How to Apply for an E-2 Investor Visa Using Real Property

The E-2 Visa was created to encourage foreign investments in the US by allowing businesspeople from treaty countries to develop businesses in the US through investment.


Prior to applying for an E-2 investor visa, the formal requirements should be complied with, such as registering the business, opening a corporate bank account, leasing an office space, wire transfer of funds to a US bank account, etc.


Before determining whether an E-2 investor visa can be granted by using real property, we must closely review the requirements of the law and the applicable regulations.


According to the Code of Federal Regulations at 8 C.F.R. 214 2(e)(2):

“An alien, if otherwise admissible, may be classified as a non- immigrant treaty investor (E-2) under the provision of section 101(a) (15) (E)(ii) of the Act if the alien:

(i) Has invested or is actively in the process of investing a substantial amount of capital in a bona fide enterprise in the United States, as distinct from a relatively small amount of capital in a marginal enterprise solely for the purpose of earning a living;

(ii) Is seeking entry solely to develop and direct the enterprise; and

(iii) Intends to depart the United States upon the expiration or termination of treaty investor (E-2) status.

The requirement for “a bona fide enterprise” is further clarified in Section 214 (e) (13) of the Code which gives us an indication as to required characteristics of an enterprise, by stating as follows:

“The enterprise must be real active and operating commercial or entrepreneurial undertaking which produces services or goods for profit”.

In interpreting the law, the following two main tests can be used as to determine whether the investment in real property will qualify the investor for an E-2 investment visa:

  1. The “active” requirement – the investment must be an active investment, namely, the investor must be actively involved in the business as to actively direct and develop the business on a regular basis.
  2. The “marginality” requirement – the investor must prove that his business will benefit the US economy. Hence, the nature of the business should be examined. The business cannot be a “marginal” enterprise, which is defined as a business that will only have the capacity to provide a minimal income for the investor and his family. Rather, the investor must demonstrate that the business will benefit more than just himself and his family and therefore contribute to the US economy.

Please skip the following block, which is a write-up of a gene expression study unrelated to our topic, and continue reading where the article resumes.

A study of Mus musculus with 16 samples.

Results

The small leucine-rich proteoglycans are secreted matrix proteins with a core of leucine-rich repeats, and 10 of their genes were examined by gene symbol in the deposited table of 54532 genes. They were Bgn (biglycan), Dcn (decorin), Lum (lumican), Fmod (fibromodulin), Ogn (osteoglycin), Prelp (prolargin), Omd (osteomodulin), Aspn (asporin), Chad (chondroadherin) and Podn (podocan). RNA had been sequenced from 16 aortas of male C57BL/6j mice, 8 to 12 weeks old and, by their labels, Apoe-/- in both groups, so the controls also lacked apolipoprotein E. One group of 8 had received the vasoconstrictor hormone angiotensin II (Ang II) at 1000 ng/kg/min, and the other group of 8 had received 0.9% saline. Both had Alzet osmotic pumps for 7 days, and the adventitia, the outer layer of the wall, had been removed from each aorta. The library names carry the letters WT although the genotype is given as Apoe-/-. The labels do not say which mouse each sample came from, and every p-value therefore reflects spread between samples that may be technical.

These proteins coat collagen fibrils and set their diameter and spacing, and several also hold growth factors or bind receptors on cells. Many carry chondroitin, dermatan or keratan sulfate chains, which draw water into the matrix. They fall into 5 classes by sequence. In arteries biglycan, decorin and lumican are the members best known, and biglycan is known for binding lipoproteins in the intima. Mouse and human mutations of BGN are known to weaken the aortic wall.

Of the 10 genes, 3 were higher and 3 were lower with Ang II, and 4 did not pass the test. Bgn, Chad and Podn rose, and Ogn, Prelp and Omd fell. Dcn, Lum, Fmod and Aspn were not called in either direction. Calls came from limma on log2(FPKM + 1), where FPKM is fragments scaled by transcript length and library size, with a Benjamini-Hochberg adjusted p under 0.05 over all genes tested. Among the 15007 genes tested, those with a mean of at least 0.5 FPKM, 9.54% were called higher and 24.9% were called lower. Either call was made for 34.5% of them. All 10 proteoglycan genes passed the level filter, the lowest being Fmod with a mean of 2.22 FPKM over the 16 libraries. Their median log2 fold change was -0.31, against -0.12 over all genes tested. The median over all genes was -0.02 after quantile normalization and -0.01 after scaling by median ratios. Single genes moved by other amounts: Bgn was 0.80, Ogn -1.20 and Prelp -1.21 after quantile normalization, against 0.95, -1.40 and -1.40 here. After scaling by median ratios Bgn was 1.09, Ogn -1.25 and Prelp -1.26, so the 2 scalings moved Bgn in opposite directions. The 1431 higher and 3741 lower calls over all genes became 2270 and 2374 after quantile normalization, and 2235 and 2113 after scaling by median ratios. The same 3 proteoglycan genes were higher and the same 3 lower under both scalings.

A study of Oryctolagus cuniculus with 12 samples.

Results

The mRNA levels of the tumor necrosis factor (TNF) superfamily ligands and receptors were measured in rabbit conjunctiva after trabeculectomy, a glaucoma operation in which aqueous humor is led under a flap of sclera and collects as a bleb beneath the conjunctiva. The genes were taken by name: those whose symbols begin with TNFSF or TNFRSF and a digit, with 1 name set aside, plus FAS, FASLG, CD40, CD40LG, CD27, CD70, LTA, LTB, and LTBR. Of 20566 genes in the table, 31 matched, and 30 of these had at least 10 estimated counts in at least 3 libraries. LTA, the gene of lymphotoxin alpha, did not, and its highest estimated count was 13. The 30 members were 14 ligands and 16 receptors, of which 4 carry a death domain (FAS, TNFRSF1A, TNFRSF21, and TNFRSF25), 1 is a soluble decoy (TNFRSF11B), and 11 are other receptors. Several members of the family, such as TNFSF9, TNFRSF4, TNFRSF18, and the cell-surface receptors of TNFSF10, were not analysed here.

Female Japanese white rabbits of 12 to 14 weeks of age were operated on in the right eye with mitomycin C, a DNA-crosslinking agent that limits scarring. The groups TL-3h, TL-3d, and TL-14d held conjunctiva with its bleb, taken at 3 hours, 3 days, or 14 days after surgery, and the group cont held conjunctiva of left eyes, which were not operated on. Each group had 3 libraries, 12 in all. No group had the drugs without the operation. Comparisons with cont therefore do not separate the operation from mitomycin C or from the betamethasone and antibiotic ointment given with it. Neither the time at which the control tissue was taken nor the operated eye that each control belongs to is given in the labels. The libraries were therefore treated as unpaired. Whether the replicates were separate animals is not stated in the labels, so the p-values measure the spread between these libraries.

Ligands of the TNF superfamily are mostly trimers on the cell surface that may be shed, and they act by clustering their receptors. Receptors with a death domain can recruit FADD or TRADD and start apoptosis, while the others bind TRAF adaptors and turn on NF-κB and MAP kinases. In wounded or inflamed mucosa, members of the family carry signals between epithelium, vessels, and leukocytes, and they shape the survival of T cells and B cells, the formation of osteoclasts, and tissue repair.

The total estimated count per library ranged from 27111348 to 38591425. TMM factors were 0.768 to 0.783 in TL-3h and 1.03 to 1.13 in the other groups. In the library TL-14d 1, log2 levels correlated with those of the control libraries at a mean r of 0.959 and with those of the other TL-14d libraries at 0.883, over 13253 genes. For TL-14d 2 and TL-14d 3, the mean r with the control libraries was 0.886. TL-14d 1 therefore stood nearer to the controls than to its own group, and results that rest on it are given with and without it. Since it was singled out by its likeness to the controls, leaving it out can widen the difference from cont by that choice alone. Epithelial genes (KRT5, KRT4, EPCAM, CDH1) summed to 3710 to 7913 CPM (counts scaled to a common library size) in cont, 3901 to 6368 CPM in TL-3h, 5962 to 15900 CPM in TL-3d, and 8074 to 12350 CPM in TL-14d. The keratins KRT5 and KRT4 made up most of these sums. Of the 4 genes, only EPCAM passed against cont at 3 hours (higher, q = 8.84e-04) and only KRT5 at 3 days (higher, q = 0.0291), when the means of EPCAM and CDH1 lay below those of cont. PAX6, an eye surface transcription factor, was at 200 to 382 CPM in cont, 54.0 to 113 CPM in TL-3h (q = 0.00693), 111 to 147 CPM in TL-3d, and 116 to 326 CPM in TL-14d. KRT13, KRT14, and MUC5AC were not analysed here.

In implementing the two tests stated above in order to determine whether real property in the US will provide an investor with an E-2 investment visa, the nature of the business must be examined. The issue is whether or not the business activity constitutes a “bona fide enterprise” taking into account all of the circumstances.


For example, a real estate investment whereby the investor simply holds title to a real estate property or simply buys properties for rent, his activities will usually not qualify for an E-2 visa, since it will not be regarded as an active business or a bona fide enterprise as required by the regulations. Rather, this would appear to be more of a passive investment which would likely not require the investor to “direct” or “develop” the commercial enterprise.


On the other hand, if the real estate enterprise requires ongoing activity by the investor on a full time basis, such as a business which involves purchasing and selling multiple real properties, renovating multiple real properties on a regular basis, or managing multiple rental properties, it may qualify as a bona fide enterprise.


A combination of seasonal rentals may be regarded as a bona fide enterprise since it requires ongoing activity during the entire year. As may a business of buying, renovating, and selling houses. By actively searching for the renovations throughout the year, buying the properties and selling them, the person is actively involved in the business and is actively engaged in directing and developing the commercial enterprise according to his discretion. He is also adding value to the US economy since he must hire people who will be involved in the process of renovating and selling the properties, hence, his activities are more likely to qualify for an E-2 visa.


To summarize, a passive real estate investment such as merely owning a rental property, is not likely to qualify for an E-2 investors visa. However, if an investor owns multiple units of property which are being maintained on a regular basis, renovated and rented from time to time, then this investment is more likely to fulfill the E-2 requirements.


Of course, each applicant must be judged and viewed by the totality of the circumstances test, and should consult with an immigration attorney to more accurately assess their chances of success in the E-2 visa process.




All said and explained in this article does not constitute a legal opinion and does not replace legal advice. Responsibility for using the wordings and opinions conveyed in this article relies solely and entirely on the reader.

This article was written by Dotan Cohen Law Offices, working in the field of immigration law in the United States, Canada, Australia and England.